Limiting Access to Tobacco Harm Reduction Products Harms Public Health | Citizens Against Government Waste

Limiting Access to Tobacco Harm Reduction Products Harms Public Health

The WasteWatcher

The Food and Drug Administration (FDA) has ordered JUUL, a prominent company, to stop selling e-cigarette products.  The June 23, 2022 decision was made because the FDA determined that JUUL did not submit an appropriate premarket tobacco product application (PMTA), submitting “insufficient and conflicting” data. The decision to immediately halt JUUL from selling tobacco harm reduction (THR) products in the U.S. was based on ensuring public safety, according to the FDA.  

FDA Commissioner Robert M. Califf stated, “Today’s action is further progress on the FDA’s commitment to ensuring that all e-cigarette and electronic nicotine delivery system products currently being marketed to consumers meet our public health standards.”

Juul Labs chief regulatory officer Joe Murillo stated that the company believes it submitted proper evidence to meet FDA standards: “We respectfully disagree with the FDA’s findings and decision and believe we have provided sufficient information and data based on high-quality research to address all issues raised by the agency … We remain committed to doing all in our power to continue serving the millions of American adult smokers who have successfully used our products to transition away from combustible cigarettes, which remain available on market shelves nationwide.”

Tobacco harm reduction (THR) products like those that JUUL produces have significantly reduced cigarette use and dependency, resulting in millions of saved lives across the globe. From 2007 to 2015, more than 3 million U.S. adults used THR products to quit smoking cigarettes.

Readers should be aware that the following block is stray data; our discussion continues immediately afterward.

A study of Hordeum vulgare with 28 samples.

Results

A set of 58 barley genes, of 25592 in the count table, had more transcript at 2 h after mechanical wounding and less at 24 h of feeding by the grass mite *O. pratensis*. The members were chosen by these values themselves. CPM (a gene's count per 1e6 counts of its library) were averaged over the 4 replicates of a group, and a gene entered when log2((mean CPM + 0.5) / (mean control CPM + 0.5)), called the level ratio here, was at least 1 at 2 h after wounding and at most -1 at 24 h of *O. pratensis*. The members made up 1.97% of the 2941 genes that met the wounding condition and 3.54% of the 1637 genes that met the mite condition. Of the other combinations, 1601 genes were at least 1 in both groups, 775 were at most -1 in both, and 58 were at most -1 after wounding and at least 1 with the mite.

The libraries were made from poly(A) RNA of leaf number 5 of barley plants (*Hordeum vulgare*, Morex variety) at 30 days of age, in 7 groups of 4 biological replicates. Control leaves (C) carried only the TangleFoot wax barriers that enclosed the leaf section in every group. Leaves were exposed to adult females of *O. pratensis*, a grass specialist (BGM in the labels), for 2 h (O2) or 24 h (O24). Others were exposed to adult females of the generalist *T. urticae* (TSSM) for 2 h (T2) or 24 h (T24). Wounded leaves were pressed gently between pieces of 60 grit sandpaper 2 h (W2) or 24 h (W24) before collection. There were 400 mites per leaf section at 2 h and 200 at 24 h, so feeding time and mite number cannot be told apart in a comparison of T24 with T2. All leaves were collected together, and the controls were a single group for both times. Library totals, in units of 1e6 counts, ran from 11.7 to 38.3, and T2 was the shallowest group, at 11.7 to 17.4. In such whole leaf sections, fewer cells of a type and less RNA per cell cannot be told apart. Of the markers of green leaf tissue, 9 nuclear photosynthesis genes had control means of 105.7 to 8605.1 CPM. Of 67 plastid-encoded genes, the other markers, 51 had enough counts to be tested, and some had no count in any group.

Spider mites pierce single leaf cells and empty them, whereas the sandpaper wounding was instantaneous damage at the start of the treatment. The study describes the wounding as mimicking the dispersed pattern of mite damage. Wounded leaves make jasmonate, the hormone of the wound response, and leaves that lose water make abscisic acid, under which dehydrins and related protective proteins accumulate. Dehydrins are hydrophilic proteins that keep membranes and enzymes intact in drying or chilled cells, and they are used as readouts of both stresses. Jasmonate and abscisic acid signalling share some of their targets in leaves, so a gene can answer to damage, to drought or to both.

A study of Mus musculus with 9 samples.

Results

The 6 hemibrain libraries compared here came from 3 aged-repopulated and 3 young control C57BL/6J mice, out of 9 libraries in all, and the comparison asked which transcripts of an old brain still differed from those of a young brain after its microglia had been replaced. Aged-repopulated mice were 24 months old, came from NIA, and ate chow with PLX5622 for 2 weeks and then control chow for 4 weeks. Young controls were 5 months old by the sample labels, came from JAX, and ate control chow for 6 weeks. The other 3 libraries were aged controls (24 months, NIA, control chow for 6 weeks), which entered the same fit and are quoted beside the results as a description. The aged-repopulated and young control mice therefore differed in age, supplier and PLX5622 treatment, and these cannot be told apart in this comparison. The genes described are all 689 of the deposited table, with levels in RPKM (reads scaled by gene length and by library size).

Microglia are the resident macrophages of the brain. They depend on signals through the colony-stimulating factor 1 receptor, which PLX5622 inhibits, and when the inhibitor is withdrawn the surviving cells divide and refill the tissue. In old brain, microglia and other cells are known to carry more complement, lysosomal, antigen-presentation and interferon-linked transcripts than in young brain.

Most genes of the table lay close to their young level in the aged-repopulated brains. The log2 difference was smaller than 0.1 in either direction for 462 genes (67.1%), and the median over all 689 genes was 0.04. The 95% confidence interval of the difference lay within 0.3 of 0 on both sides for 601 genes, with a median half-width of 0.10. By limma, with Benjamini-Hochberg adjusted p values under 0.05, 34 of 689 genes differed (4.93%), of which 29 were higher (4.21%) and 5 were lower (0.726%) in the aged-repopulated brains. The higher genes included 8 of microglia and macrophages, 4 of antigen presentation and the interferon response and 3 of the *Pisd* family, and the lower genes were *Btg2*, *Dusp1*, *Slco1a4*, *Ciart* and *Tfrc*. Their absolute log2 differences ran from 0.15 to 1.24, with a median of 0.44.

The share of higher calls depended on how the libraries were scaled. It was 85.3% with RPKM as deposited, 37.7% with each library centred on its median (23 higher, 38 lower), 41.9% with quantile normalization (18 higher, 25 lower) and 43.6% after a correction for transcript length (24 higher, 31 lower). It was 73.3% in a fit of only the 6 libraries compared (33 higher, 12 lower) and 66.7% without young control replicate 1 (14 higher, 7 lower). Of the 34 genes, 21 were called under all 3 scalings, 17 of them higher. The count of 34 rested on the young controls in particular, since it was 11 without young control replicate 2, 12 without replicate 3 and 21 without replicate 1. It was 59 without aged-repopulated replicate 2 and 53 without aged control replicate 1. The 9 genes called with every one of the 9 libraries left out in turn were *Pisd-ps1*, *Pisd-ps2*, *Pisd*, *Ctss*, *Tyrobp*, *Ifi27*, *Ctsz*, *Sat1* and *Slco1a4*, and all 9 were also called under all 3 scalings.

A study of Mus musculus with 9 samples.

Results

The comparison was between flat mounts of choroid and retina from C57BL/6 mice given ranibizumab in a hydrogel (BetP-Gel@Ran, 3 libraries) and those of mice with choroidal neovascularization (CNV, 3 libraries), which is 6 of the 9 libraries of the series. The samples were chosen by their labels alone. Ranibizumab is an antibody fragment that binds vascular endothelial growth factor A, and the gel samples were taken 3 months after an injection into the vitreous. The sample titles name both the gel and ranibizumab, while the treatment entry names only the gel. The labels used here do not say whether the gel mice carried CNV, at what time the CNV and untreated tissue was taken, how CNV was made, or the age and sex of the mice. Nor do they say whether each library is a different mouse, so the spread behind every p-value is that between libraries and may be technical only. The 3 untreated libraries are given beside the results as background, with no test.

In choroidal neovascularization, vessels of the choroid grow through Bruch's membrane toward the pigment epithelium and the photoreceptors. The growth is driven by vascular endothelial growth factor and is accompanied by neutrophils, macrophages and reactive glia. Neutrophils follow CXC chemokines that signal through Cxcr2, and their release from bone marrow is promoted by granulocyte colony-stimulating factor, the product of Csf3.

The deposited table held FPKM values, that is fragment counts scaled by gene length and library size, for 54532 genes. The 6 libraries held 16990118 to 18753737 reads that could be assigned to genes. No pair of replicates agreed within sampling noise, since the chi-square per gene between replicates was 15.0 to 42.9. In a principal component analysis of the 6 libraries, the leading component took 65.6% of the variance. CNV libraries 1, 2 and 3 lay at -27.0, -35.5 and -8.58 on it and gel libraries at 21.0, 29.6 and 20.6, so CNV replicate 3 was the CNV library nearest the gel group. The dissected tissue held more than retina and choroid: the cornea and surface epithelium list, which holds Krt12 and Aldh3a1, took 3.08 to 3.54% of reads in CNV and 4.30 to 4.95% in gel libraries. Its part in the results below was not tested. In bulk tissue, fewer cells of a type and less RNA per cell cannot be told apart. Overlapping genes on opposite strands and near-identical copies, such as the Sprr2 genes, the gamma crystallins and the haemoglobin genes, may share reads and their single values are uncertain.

Vaping has been proven to be 95 percent less harmful than traditional smoking. E-cigarettes are a less harmful alternative to traditional cigarettes, which contain more than 6,000 ingredients and, when burned, release more than 7,000 chemicals, including arsenic, formaldehyde, lead, and tar. 

Even though evidence supports that THR products have saved lives, controversy over e-cigarettes is continually fueled by fear-mongering tactics and mistruths about youth vaping. Youth tobacco use is at an all-time low in the U.S. The Centers for Disease Control and Prevention (CDC)  has reported that there were 1.73 million, or 28 percent, fewer youth tobacco users in 2020 (4.47 million) than in 2019 (6.20 million). Youth vaping is already illegal and enforcing the laws on the books by holding retailers accountable for failure to check I.D. would be more effective than banning the products for adults. 

The FDA’s role is to regulate safety and efficacy, not legislate morality. Vaping might be an action that some in society deem unappealing, but that doesn’t mean the products should be banned outright. Tobacco harm reduction products serve a purpose and increase public health by helping adult smokers quit. Several countries have taken an approach to adopt and support the use of tobacco harm reduction products by creating national educational campaigns around the issue. Sweden has smoking rates of 5 percent compared to France at 33 percent, with Great Britain and Denmark at 16 percent. This low rate is primarily attributed to well-researched tobacco harm reduction policies. 

THR products have resulted in fewer deaths and helped adults quit smoking for good. Efforts to limit access to these life-saving devices are ill-chosen and will have long-term adverse effects on public health. Government agencies should work hand-in-hand with private sector companies to continue to bring safe and effective products to market, not act as a barrier to entry.